Program: Oral and Poster Abstracts
Type: Oral
Session: 611. Leukemias - Biology, Cytogenetics and Molecular Markers in Diagnosis and Prognosis: Chronic Lymphoid and Myeloid Leukemias and Biological studies on acute leukemia
Tuesday, December 11, 2012: 7:30 AM
B206, Level 2, Building B (Georgia World Congress Center)

Hanna L M Rajala, MD1*, Samuli Eldfors, MSc2*, Heikki Kuusanmäki, BSc2*, Emma I Andersson, MSc1*, Arjan J van Adrichem, MSc2*, Sonja Lagström, MSc2*, Thomas Olson, BSc3*, Andres Jerez, MD, PhD4*, Michael J. Clemente5*, Dan Zhang, DVM, PhD3*, Andy Awwad, BSc3*, Markus Pihlman1*, Pekka Ellonen, MSc6*, Olli Kallioniemi, MD, PhD2*, Krister Wennerberg, PhD2*, Kimmo Porkka, MD, PhD1, Jaroslaw P. Maciejewski, MD, PhD7, Thomas P. Loughran Jr., M.D.3, Caroline A Heckman, PhD2* and Satu Mustjoki, MD, PhD1

1Department of Medicine, Hematology Research Unit Helsinki, University of Helsinki and Helsinki University Central Hospital (HUCH), Helsinki, Finland
2Institute for Molecular Medicine Finland (FIMM), University of Helsinki, Helsinki, Finland
3Penn State Hershey Cancer Institute, Penn State Hershey College of Medicine, Hershey, PA
4Department of Translational Hematology and Oncology Research, Cleveland Clinic, Taussig Cancer Institute, Cleveland, OH
5Department of Translational Hematology and Oncology Research, Taussig Cancer Institute, Cleveland Clinic, Cleveland, OH
6Institute for Molecular Medicine Finland, FIMM, University of Helsinki, Helsinki, Finland
7Translational Hematology and Oncology Research, Taussig Cancer Institute, Cleveland Clinic, Cleveland, OH

BACKGROUND: Large granular lymphocytic (LGL) leukemia is a rare lymphoproliferative disease, characterized by the clonal expansion of cytotoxic CD3+CD8+ T-cells or CD3-CD16/56+ natural killer (NK)-cells. It is often associated with autoimmune phenomena (e.g. cytopenias, rheumatoid arthritis). We recently identified somatic mutations in the STAT3 gene in 40% of monoclonal T-LGL cases (Koskela et al, NEJM, 2012). Here, we report the discovery and functional analysis of novel STAT5b mutations as well as small subclones of STAT3 mutations in other LGL patients, expanding the evidence implicating STAT activation in LGL.

METHODS: In order to find novel LGL-leukemia associated mutations, exome sequencing was done from untreated STAT3 mutation negative T-LGL leukemia patients using CD8+ LGL-leukemic cells and matched CD4+ control cells. Samples from 158 T-LGL and 40 NK-LGL leukemia patients were further analyzed using both targeted Sanger sequencing and ultra-deep targeted next-gen amplicon sequencing with up to 10,000x coverage (MiSeq, Illumina). Functional analysis of mutated proteins was carried out in Hela cells by Western analysis and luciferase reporter assays.

RESULTS: Exome sequencing revealed a novel somatic missense mutation Y665F in the STAT5b gene in two T-LGL patients diagnosed with WHO2009 criteria with a large CD8+ T-LGL clone (>90%). Only wild-type STAT5b was seen in the matched CD4+ control cells of these patients. Amplicon sequencing of exon 16 of STAT5b (corresponding to the Y665F site) in 158 T-LGL and 40 NK-LGL patients revealed an additional mutation (N642H) in one T-LGL and one NK-LGL patient, resulting in the 2% total frequency (4/198) of STAT5b mutations across all patients. The N642H and Y665F mutations were both located in the Src homology 2 (SH2) domain of STAT5b, which mediates dimerization and activation by trans-phosphotyrosine binding. STAT3 mutations previously reported in T-LGL patients were located in the corresponding domain.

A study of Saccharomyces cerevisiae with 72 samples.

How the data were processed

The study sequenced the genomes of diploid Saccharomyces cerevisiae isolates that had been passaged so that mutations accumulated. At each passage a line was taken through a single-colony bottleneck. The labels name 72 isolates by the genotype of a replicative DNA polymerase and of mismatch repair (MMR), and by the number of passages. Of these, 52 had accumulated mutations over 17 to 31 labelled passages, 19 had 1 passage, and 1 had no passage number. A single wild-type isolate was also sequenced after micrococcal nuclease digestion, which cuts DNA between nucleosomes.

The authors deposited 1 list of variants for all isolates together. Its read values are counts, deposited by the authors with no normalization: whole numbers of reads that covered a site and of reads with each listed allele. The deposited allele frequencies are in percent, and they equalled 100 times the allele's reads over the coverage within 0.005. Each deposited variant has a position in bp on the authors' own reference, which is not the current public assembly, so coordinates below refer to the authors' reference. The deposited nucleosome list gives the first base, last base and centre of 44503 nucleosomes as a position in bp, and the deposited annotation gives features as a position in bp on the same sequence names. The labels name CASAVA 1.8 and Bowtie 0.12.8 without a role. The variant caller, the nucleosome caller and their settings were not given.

The transcriptional activity of wild-type and mutant STAT5b proteins (N642H and Y665F) was assayed in cells carrying a luciferase reporter with STAT5 binding elements. Luciferase activity of Hela cells transfected with the mutated STAT5b constructs was significantly increased compared to wild-type STAT5b. Furthermore, both the N642H and Y665F variants of STAT5b exhibited higher levels of tyrosine (Y694) phosphorylation than the wild type protein.

The exon 21 in the SH2 domain of the STAT3 gene was also screened by ultra-deep next-gen amplicon sequencing, both from the original T-LGL patient cohort (n=77, patients with monoclonal disease) and 142 additional monoclonal/oligoclonal LGL patients.  In the monoclonal cohort, a total of nine new STAT3 mutation positive patients were detected by amplicon sequencing, raising the total number of positive cases to 41 (53%) from the 32 identified by Sanger sequencing. Concomitant to the previously described Y640F, N647I, K658N, D661H, D661V and D661Y STAT3 mutations, several novel mutations in this gene were found: I659L, Q643H, G656C, K658H, K658R and D661I. In the oligoclonal LGL cohort, the mutation frequency was lower (31/142, 22%), suggesting that it may also include patients with reactive polyclonal LGL proliferation.

CONCLUSIONS: Our mutational and functional data affirm that STAT family transcription factors play a critical role in the pathogenesis of LGL leukemia. In addition to the previously identified mutations in the STAT3 gene, we found recurrent somatic STAT5b mutations in LGL leukemia. Furthermore, our ultra-deep (10,000x) next-gen sequencing revealed small subclones of STAT3 mutations in patients with oligoclonal LGL. Both STAT3 and STAT5b mutations increased the phosphorylation and transcriptional activity of corresponding proteins. The detection of STAT mutations should be included in the diagnostic assessment of LGL leukemia.

Disclosures: Rajala: Novartis: Honoraria. Kallioniemi: TEKES-FiDiPro: Research Funding. Porkka: Bristol-Myers Squibb: Honoraria, Research Funding; Novartis: Honoraria, Research Funding. Maciejewski: NIH: Research Funding; Aplastic Anemia&MDS International Foundation: Research Funding. Mustjoki: Bristol-Myers Squibb: Honoraria, Research Funding; Novartis: Honoraria.